Guide de l’amateur de whisky PDF

Jump to navigation Jump to search Not to be confused with moonlight. Moonshine was originally a slang term for high-proof distilled spirits that were usually produced guide de l’amateur de whisky PDF, without government authorization. Legal in the United States since 2010, moonshine is defined as « clear, unaged whiskey », typically made with corn mash as its main ingredient.

Moonshine is known by many nicknames in English, including white liquor, white lightning, mountain dew, choop, hooch, homebrew, shiney, white whiskey, and mash liquor. The word « moonshine » is believed to be derived from the term « moonrakers » used for early English smugglers and illegal Appalachian distillers who produced and distributed whiskey. When it was illegal in the United States, moonshine distillation was done at night to avoid discovery. It was especially prominent in the Appalachian area. White whiskey most likely entered the Appalachian region in the late 18th century to early 1800s. By the early 20th century, moonshine became a key source of income for many Appalachian residents because the limited road network made it difficult and expensive to transport corn crops. As a study of farmers in Cocke County, Tennessee, observes: « One could transport much more value in corn if it was first converted to whiskey.

One horse could haul ten times more value on its back in whiskey than in corn. Poorly produced moonshine can be contaminated, mainly from materials used in the construction of the still. Although methanol is not produced in toxic amounts by fermentation of sugars from grain starches, contamination is still possible by unscrupulous distillers using cheap methanol to increase the apparent strength of the product. Former West Virginia moonshiner John Bowman explains the workings of a still. Large bubbles with a short duration indicate a higher alcohol content, while smaller bubbles that disappear more slowly indicate lower alcohol content.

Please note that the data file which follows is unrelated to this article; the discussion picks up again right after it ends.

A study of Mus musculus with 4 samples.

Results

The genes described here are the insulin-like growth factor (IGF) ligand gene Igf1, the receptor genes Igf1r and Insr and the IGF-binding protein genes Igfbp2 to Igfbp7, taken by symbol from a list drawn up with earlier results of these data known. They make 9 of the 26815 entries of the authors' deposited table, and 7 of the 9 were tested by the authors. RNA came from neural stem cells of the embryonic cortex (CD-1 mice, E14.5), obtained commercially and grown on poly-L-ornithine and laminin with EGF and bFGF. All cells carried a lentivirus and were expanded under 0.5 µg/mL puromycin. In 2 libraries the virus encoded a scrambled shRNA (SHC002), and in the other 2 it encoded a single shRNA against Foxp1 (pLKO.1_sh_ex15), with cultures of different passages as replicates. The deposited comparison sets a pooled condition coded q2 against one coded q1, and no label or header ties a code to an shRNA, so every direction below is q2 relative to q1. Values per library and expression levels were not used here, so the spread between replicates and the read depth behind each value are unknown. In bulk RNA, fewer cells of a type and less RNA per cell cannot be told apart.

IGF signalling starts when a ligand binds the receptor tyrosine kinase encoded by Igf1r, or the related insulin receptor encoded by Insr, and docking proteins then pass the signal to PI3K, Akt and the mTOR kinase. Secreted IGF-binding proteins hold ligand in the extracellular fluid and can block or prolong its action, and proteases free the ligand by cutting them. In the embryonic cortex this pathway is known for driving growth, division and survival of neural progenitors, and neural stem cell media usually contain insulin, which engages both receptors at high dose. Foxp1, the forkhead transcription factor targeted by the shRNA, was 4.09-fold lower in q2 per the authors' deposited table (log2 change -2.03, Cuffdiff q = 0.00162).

A more reliable method is to use an alcoholmeter or hydrometer. A hydrometer is used during and after the fermentation process to determine the potential alcohol percent of the moonshine, whereas an alcoholmeter is used after the product has been distilled to determine the volume percent or proof. A common folk test for the quality of moonshine was to pour a small quantity of it into a spoon and set it on fire. The theory was that a safe distillate burns with a blue flame, but a tainted distillate burns with a yellow flame.

Practitioners of this simple test also held that if a radiator coil had been used as a condenser, then there would be lead in the distillate, which would give a reddish flame. Varieties of moonshine are produced throughout the world. The Famous Illegal Drink of Yore ». Exploding moonshine: The new golden age of outlaw liquor ». Illegal Odyssey: 200 Years of Kentucky Moonshine. It’s All Legal Until You Get Caught: Moonshining in the Southern Appalachians ». Moonshine: A Cultural History of America’s Infamous Liquor.